More Dead Ends and Detours
En Route to Successful Total Synthesis
1. Edition May 2013
288 Pages, Softcover
A must-have textbook for master's and PhD students in organic chemistry and researchers in the pharmaceutical industry who want to improve their own chemical reaction planning to succeed in natural product total synthesis.
Success comes in many forms and in synthesis it can be a failure that results in their ultimate successful solutions. This long-awaited sequel to "Dead Ends and Detours" retains the proven concept while featuring over 20 new case studies of failed strategies and their (successful) solutions in natural product total synthesis. Additionally, computational models are used to discuss the problem in much more detail and to provide readers with additional information not found in the primary literature. The topics range from classic synthetic reactions (e.g. Diels Alder reaction), metal-mediated coupling reactions, metathesis, and asymmetric catalysis to the importance of protecting and activating groups.
This book will benefit not only graduate students in organic chemistry but also advanced researchers as they gain knowledge derived from the step-by-step analysis of mistakes made in the past and, thus be able to improve their own chemical reaction planning. With its coverage of the most commonly applied reaction types, the book perfectly complements its predecessor, which focuses on general aspects, such as reactivity and selectivity.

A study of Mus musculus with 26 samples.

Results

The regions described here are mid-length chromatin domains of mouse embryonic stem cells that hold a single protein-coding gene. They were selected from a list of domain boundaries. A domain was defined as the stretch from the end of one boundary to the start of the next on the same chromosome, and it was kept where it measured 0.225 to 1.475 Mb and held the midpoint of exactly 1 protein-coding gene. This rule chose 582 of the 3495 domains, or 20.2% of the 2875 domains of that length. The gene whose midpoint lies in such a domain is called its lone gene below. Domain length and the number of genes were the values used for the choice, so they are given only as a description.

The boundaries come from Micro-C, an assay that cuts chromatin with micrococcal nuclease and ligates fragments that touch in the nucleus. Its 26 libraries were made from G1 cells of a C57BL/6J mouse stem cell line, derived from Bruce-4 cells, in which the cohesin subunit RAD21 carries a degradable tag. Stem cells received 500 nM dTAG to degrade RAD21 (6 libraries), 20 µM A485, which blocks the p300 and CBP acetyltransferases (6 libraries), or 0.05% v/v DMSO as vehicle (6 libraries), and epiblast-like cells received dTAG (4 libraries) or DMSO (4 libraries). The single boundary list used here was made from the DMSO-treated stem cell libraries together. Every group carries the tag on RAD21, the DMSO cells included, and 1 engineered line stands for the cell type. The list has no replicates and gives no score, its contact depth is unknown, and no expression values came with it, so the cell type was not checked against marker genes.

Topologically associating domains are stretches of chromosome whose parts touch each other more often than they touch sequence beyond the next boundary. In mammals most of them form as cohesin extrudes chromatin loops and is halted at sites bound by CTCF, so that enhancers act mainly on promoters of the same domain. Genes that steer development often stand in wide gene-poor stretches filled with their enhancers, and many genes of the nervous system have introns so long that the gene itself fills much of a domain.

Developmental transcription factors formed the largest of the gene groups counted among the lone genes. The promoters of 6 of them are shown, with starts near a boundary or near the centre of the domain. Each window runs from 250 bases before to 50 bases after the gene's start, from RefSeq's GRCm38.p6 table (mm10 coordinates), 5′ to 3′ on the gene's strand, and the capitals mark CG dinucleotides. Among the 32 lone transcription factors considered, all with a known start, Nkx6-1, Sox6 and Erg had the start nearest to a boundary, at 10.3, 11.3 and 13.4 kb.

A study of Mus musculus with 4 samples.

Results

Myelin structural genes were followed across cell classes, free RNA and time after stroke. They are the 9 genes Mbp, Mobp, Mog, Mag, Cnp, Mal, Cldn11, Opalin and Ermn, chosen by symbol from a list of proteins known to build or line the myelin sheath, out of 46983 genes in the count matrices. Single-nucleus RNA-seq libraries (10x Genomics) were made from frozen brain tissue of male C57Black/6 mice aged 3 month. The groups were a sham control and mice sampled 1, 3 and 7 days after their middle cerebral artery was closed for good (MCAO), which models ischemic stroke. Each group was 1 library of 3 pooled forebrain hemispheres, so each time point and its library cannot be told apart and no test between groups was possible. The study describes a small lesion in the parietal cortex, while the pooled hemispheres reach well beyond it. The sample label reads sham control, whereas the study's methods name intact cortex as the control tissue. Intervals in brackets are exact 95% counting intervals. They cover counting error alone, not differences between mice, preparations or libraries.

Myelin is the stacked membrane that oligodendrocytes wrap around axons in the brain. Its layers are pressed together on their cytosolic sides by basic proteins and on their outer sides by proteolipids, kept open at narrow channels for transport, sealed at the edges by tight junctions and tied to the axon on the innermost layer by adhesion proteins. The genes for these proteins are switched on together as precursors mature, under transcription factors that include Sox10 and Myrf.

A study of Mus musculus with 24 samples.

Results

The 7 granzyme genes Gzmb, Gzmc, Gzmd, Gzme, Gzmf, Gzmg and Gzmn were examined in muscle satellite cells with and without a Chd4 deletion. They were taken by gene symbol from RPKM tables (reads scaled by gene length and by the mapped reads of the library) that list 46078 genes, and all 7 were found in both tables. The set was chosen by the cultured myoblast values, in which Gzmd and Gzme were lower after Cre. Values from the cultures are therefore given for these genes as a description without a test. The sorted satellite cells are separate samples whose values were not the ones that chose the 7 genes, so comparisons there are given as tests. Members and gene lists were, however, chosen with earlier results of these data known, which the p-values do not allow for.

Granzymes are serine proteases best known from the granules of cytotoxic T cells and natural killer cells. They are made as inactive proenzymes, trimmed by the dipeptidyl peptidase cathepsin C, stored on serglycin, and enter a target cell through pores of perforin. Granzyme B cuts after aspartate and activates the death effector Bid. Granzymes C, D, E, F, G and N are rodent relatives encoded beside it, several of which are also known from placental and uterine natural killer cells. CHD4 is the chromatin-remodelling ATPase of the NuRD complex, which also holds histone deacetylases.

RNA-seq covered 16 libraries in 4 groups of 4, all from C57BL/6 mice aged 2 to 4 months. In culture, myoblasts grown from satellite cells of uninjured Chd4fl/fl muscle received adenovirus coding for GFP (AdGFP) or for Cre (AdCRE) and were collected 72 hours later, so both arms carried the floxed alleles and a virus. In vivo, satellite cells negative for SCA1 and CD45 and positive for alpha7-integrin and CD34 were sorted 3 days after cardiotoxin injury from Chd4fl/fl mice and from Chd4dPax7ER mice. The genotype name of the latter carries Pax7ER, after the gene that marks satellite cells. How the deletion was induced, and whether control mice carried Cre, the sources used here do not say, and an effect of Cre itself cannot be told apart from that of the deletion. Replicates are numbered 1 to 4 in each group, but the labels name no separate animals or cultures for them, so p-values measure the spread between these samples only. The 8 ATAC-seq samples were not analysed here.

Intermediate in the Total Synthesis of Brevetoxin A
THE INERTIA OF CONVENTIONAL FUNCTIONAL GROUPS
Welwitindolinone A Isonitrile
'Overprotecting-Maverick' Protecting Groups
THE DIELS - ALDER REACTION
Stephacidins A and B 49
THE ALDOL CONDENSATION 61
The ABC Ring Moiety of (-)-Norzoanthamine
CYCLIZATIONS: CONCERTED, RADICAL, OR POLAR?
(-)-Pseudolaric Acid B
Formal Synthesis of Platensimycin
MACROCYCLES: FROM RELUCTANT RING CLOSURE TO RELUCTANT RING OPENING
STEREOCHEMISTRY, CONTROLLED OR UNCONTROLLED?
TRANSITION METAL-MEDIATED TRANSFORMATIONS VS 'CONVENTIONAL' REACTIONS
WHEN METATHESIS FAILS
OXIDATIONS IN C - C BOND BUILDING
Cortistatins A and J
Gambierol ABC Moiety
THE FAILURE OF EPOXIDE RING OPENING AND THE LIMITS OF CASCADE REACTIONS
C_D_E_F_ Domain of Maitotoxin
Maria C. de la Torre studied chemistry at the Universidad Complutense de Madrid (UCM) where she received her PhD in 1986. After a postdoctoral stay at Imperial College under Steven Ley and Colorado State University under Albert Meyers, she returned to Madrid in
1989 as a scientific researcher at the Consejo Superior de Investigaciones Científicas. At present she is a staff member of the Synthesis, Structure and Properties of Organic Compounds Department, at the Instituto de Química Orgánica General (IQOG). Her current
research interests focus on the chemistry of densely functionalized natural products, the preparation of natural product hybrids with mixed and/or complementary biological properties, and the development of synthetic strategies to the building of metal-based natural product macrocycles.
Fernando P. Cossío studied Chemical Science at the University of Zaragoza and went on to receive a PhD in 1986 at the University of the Basque Country (UPV/EHU). He has spent post-doctoral fellowships at the Centre National de la Recherche Scientifique under
Dr. Jean-Paul Picard in Talence (France) and at the University of California Los Angeles under Kendall N. Houk. He became an Associate Professor at the UPV/EHU Faculty of Chemistry in 1988 and a full Professor of this University in 2002. He has occupied a number
of posts, such as the dean of the UPV/EHU Faculty of Chemistry, vice-chancellor of Research and International Relations at the UPV/EHU (2001-2004), and president of the Executive Committee of Ikerbasque, the Basque foundation for science (2009-). His current
research interests focus on the study of pericyclic and C-C bond forming reactions by computational and experimental methods.